For years, John J. Mearsheimer, that seemingly ageless, if somewhat chilly presence at the University of Chicago, has been a thorn of irritation to certain establishment ideas. With his pugnacious sense of realist politics, he has little time for the sentimentality that accompanies what he calls the "liberal delusions" of power. It's all good to feel anguish and worry at the predations of power, but why encourage them when there is no need to?
This somewhat crude summation only does some justice to JJM's thought process. But it does provide an interesting backdrop to the recent revelations regarding the Ukraine conflict, one that is falling into a horrendous, bleeding stalemate.
In his Foreign Affairs assessment of 2014 on the Ukraine-Russian conflict, Mearsheimer throws in the usual grenades. "US and European leaders blundered in attempting to turn Ukraine into a Western stronghold on Russia's border." He noted the pernicious, meddling roles played by such characters as US Assistant Secretary of State for European and Eurasian affairs, Victoria Nuland, who revealed in 2013 how the US had invested more than $5 billion since 1991 to aid Ukraine achieve "the future it deserves." This involved the spearheading efforts of the National Endowment for Democracy.
As Russian tanks moved into Ukraine on February 24, 2022, Mearsheimer proved unrelenting. Russia had been needlessly provoked into "a preventive war". While not permissible in just war theory, "Russian leaders certainly saw the invasion as 'just', because they were convinced that Ukraine joining NATO was an existential threat that had to be eliminated." The Russian Ministry of Foreign Affairs was so enthusiastic at the views of the realistic scholar, it endorsed his 2014 Foreign Affairs contribution.
For taking such a stance, dreamy liberal humanitarians and neoconservative provocateurs came to detest Mearsheimer. The New Statesman would suggest that he became, as a consequence "the world's most hated thinker." Anne Applebaum, in her usual neoconservative biliousness, wondered "if the Russians didn't actually get their narrative from Mearshimer [sic] et al. Moscow needed to say West was responsible for Russian invasions (Chechnya, Georgia, Syria, Ukraine), and not their own greed and imperialism."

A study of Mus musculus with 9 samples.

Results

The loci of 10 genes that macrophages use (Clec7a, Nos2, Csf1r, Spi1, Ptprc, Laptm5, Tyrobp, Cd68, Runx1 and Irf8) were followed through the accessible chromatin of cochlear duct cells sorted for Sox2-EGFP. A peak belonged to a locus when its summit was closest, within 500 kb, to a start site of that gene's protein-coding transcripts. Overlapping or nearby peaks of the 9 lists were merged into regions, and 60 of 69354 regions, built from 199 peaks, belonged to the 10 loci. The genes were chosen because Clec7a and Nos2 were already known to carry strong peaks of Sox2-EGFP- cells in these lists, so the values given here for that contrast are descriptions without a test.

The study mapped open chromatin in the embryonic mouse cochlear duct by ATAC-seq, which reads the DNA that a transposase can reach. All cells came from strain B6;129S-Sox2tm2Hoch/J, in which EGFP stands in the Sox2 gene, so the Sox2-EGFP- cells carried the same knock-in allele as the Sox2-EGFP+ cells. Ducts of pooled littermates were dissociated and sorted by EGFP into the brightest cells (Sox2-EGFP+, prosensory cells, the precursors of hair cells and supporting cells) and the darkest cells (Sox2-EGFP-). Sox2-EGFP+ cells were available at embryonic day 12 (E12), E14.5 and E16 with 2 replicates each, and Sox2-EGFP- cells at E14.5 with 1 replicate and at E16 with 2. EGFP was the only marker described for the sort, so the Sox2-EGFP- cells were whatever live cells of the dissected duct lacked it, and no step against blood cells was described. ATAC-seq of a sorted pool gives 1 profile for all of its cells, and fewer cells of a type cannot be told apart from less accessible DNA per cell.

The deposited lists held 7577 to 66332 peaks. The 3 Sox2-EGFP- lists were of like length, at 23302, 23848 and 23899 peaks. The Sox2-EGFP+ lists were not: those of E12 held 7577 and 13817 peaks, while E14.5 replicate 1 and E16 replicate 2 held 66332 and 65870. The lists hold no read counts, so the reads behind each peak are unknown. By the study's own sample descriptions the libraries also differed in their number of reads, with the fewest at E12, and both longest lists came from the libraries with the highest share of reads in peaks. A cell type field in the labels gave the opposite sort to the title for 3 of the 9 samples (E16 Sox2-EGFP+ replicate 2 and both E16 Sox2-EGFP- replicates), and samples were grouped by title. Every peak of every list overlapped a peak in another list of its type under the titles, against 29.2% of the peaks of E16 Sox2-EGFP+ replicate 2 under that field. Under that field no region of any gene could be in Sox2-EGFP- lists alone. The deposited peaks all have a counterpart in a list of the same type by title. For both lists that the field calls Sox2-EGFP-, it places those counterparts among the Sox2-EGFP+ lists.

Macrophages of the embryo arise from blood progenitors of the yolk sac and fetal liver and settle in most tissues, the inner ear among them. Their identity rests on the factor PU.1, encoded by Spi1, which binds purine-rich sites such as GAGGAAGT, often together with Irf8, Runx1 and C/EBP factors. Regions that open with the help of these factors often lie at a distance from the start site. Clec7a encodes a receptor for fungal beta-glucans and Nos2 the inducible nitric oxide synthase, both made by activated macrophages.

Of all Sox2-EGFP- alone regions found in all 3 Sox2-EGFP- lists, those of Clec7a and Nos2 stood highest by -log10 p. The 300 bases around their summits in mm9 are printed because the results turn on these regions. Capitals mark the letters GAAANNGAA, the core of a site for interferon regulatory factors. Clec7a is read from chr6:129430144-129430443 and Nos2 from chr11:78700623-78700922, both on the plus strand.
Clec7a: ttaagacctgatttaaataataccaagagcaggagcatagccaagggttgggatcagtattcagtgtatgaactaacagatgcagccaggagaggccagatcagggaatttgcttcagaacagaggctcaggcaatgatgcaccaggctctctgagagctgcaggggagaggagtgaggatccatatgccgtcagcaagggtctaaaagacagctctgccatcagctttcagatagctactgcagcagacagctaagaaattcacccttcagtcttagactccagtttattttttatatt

Mearsheimer was already representative of a field filled with foreboding assessments about what an eastern strategic expansion against Russia would do, warmed by the almost throwaway assurances from US Secretary of State James Baker to Mikhail Gorbachev in 1990. At that point, the still extant Soviet Union had 380,000 troops stationed in East Germany. Baker's suggestion: Why not remove those troops if NATO did "not shift one inch eastwards from its position"?
The following day, Baker repeated the formula to West German Chancellor Helmut Kohl via letter: "Would you prefer to see a unified Germany outside of NATO, independent and with no US forces, or would you prefer a unified Germany to be tied to NATO, with assurances that NATO's jurisdiction would not shift one inch eastwards from its present position?" Kohl had preferred to directly inform Gorbachev of his own assurance that no NATO bases would be established in the former East Germany.
In October 1990, the US State Department concluded in an analysis that "it is not in the best interest of NATO or the US that these states be granted full NATO membership" warning against "an anti-Soviet coalition whose frontier is the Soviet border."
George F. Kennan's observations seven years later are also prickly with concern. As the father of Cold War Soviet containment, he could only see trouble brewing on the horizon were a now diminished Russia provoked. The decision to expand NATO "may be expected to inflame nationalistic, anti-Western and militaristic tendencies in Russian opinion; to have an adverse effect on the development of Russian democracy; to restore the atmosphere of the cold war to East-West relations, and to impel Russian foreign policy in directions decidedly not to our liking."
That same year, the current US President noted that, irrespective of the merits of the countries keen to participate in the alliance, an enlarged NATO would constitute the "tipping point" for Russia. His reference point then was the various Baltic States.
A number of former US ambassadors to Moscow have also warned, at stages, about the dangers. In 1997, it was Jack Matlock, testifying before the Senate Foreign Relations Committee. At the time, the Clinton administration's recommendation to enlarge NATO membership was considered "misguided. If it should be approved by the United States Senate, it may well go down in history as the most profound strategic blunder made since the end of the Cold War."
Eight years later, William J. Burns, then still ambassador to Russia and currently director of the CIA, shot a number of flares on the issue: "Ukrainian entry into NATO is the brightest of all redlines for the Russian elite (not just Putin)."